Monday, April 11, 2011

America's Medicated KIds



When we were in New Orleans having coffee outside one morning we met a woman from Holland who was attending a conference for anxiety disorders. She was a researcher and we started talking about the United States attitude towards prescribing drugs, for the "kickbacks" doctors get for writing prescriptions and how many other countries look down upon parents giving their kids drugs, yet the United States seems to have more and more parents giving their kids drugs. She recommended the documentary above.

If you get a chance, watch this documentary, its an hour long but very interesting. I found spectacular that one family even gave their dog anti-anxiety medications. Ive signed several petitions in Canada to ban the prescriptions of SSRIs to children (SSRIs for children are banned in England) and this film further observes on the reasons of why parents would give their kids drugs.

Related Links:

1) Interview from The Guardian

2) In 2008 Frontline had a segment on "the medicated child". This show totally upset me and haunted me for months. You can watch it at their website here. In recent years, there's been a dramatic increase in the number of children being diagnosed with serious psychiatric disorders and prescribed medications that are just beginning to be tested in children. The drugs can cause serious side effects, and virtually nothing is known about their long-term impact. "It's really to some extent an experiment, trying medications in these children of this age," child psychiatrist Dr. Patrick Bacon tells FRONTLINE. "It's a gamble. And I tell parents there's no way to know what's going to work."

3) A review of the documentary.

5 comments:

Candy Minx said...

Coincently, CBC "The Current" interviewed Dr. Allen Frances. Dr. Frances talks about new definitions that may enter the DSM 5...and repercussions. Dr. Frances is incredible clear and articulate. I really recommend listening to this interview:

http://www.cbc.ca/thecurrent/episode/2011/04/11/dsm-5-diagnosing-treating-mental-disorders/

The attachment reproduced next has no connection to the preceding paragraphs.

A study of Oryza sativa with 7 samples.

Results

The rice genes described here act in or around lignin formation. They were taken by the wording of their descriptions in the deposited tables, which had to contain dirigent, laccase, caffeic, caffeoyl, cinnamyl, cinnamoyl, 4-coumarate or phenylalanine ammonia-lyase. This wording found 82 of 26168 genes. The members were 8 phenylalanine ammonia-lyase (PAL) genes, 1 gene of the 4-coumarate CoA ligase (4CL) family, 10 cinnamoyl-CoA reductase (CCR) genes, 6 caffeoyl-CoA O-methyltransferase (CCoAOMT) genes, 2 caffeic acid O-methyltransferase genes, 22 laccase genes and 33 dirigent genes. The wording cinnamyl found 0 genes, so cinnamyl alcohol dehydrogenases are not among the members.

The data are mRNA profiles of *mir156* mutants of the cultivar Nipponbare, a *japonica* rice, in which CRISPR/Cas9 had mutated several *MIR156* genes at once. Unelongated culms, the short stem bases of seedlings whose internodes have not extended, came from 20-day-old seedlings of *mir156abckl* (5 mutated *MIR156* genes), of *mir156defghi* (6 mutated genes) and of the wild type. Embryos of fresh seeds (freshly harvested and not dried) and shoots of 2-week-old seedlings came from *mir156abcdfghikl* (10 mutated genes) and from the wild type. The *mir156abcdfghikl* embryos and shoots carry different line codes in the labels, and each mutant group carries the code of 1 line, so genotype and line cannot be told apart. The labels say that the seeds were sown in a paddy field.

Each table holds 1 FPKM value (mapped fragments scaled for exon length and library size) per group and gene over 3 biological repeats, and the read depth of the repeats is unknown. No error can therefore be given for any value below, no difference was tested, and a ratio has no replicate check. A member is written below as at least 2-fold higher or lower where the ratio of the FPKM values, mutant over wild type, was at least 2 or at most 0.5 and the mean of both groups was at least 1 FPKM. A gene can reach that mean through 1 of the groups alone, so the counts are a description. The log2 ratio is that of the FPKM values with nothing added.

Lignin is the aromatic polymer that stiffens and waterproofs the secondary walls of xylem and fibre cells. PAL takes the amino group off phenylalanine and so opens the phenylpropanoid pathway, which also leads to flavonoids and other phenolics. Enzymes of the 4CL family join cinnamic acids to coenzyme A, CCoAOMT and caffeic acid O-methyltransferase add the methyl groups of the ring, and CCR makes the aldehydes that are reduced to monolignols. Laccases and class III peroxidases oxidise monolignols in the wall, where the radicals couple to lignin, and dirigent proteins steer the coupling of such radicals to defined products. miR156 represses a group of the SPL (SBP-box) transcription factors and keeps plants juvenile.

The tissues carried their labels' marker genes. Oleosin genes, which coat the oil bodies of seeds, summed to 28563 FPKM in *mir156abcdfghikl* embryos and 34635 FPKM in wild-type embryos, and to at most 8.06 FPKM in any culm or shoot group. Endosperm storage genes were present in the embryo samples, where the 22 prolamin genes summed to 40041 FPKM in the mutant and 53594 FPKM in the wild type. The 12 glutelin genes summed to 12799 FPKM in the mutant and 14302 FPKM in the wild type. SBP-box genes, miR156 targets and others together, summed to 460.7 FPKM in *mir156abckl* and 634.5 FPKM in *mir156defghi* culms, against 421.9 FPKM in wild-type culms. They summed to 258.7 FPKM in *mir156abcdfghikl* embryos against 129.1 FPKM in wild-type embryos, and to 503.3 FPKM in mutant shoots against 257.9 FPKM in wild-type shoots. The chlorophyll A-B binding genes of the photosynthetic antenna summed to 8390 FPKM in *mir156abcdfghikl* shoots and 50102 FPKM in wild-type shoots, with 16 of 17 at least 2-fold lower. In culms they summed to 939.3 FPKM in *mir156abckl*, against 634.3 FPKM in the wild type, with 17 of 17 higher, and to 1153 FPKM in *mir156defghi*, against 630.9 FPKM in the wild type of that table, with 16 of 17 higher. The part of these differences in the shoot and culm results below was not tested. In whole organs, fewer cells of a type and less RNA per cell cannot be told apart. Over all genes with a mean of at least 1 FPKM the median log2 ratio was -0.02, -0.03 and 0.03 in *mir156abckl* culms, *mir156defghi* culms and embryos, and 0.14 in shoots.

S.M. Elliott said...

This is a complex issue for me. Even though I think kids in North America are "overdiagnosed" and prescribed too many meds, I took an SSRI as a clinically depressed teen and found it extremely beneficial. As long as parents are schooled in the potential side effects and are supervising their children closely to spot them (particularly in the first few weeks), I think a small percentage of kids can be helped by SSRIs.

nbrsspot.blogspot.com said...

I know kids that take meds that probably dont need them but then again its hard to say. So where are the two of you now? Still in Canada??

Candy Minx said...

S.M. thank you for your insight. It is a difficult situation. I appreciate hearing your perspective. Part of the upsetting and fascinating thing about this situation in the United States is that possibly lifestyle, attitude and demands of living in the U.S. might be part of the reason that going to drugs is so wide spread. It seems almost as if the other options (covered by interview with a doctro towards end of documentary) is too much for some families. Time concerns has so many variables in U.S. perhaps very specific to life at this time in U.S.

NBR, well there is a lot of potential for misuse of the definitions of behavioiur and pathology ofchildren. That is the problem covered on CBc program.

Yes, we are still in Canada, will be for at least another 2 weeks. We are doing good, its wonderful to see family and friends. Been about 5 years since I was last in Vancouver, way overdue. Stagg is awed by the mountains!

nbrsspot.blogspot.com said...

I bet he is..I know when I was 15 we went to Las Vegas and we drove through the mountains. It was awsome and I wish I would have had a camera at the time. but of course I didnt.. but the memories of it are there.. that could be my next post if I dont forget. I have been forgetful lately. Nicole.